Devon and Cornwall PCC £700k consultancy costs criticised

PCC Tony Hogg Tony Hogg has been in post for a year


The figure covers the period from November 2012, when Tony Hogg took office, until March 2014.

His office said the new role necessitated using people with specific expertise "for a limited time".

But the Police Federation, which represents rank and file officers, said the "spiralling" costs were a concern.

'Short-term cost'

"We're not here to criticise [Mr Hogg] but the apparent spiralling costs of the office are concerning," chairman Nigel Rabbitts told BBC News.

"What value is it adding to the force - or is it even value for money?

"At a time when officers are under real constraints, there are some question marks... it was sold to the whole public of Devon and Cornwall as 'cost neutral'."

The details, released under the Freedom of Information Act, come at a time when frontline policing has suffered cuts, with the loss of 500 officers across the force area.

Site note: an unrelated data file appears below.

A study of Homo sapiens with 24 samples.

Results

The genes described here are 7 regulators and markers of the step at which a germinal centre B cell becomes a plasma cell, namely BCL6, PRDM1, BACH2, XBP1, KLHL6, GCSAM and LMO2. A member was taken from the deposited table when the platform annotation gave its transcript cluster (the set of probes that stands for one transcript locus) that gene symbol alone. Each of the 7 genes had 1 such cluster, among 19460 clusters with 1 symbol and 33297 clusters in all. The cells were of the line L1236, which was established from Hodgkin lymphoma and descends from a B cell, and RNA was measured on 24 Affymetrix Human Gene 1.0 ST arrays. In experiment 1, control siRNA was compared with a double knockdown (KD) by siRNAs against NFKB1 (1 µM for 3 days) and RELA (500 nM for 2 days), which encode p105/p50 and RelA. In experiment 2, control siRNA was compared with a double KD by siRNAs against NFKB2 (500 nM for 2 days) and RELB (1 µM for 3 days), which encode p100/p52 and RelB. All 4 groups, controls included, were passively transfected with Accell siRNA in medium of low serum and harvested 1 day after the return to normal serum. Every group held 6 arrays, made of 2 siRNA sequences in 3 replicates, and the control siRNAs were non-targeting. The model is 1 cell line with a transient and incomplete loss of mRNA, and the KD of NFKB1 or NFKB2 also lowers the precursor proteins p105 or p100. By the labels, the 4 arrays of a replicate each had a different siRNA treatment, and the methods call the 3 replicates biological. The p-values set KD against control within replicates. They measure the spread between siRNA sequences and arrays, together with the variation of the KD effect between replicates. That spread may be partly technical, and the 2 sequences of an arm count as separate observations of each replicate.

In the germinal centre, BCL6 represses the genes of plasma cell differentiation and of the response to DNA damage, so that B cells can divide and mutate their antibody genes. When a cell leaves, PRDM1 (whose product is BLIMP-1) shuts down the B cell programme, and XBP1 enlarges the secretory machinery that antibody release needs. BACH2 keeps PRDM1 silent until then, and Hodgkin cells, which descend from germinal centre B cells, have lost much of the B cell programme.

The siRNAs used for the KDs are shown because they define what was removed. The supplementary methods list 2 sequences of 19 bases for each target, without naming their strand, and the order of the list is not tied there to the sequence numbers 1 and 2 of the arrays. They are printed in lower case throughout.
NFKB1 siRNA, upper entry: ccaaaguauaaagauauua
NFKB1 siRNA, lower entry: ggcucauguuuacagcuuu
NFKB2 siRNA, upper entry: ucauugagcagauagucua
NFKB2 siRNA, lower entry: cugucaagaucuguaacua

But the Office of the Police and Crime Commissioner (OPCC) has defended the use of consultants.

Chief executive Sue Howl said: "The transition between Police Authority and Office of the Police and Crime Commissioner has involved a great deal of new policy and governance work, and it was only right and proper that we brought in, for a limited time, people with specific expertise in some areas."

She said while there was neither the resources or need to create full-time roles in order for Mr Hogg to fulfil his statutory duties, extra capacity had been necessary in the period before the election and throughout 2013.

The OPCC was criticised in October when it was revealed the number of backroom staff had increased from an average of 16 under the Police Authority to 23 for the commissioner.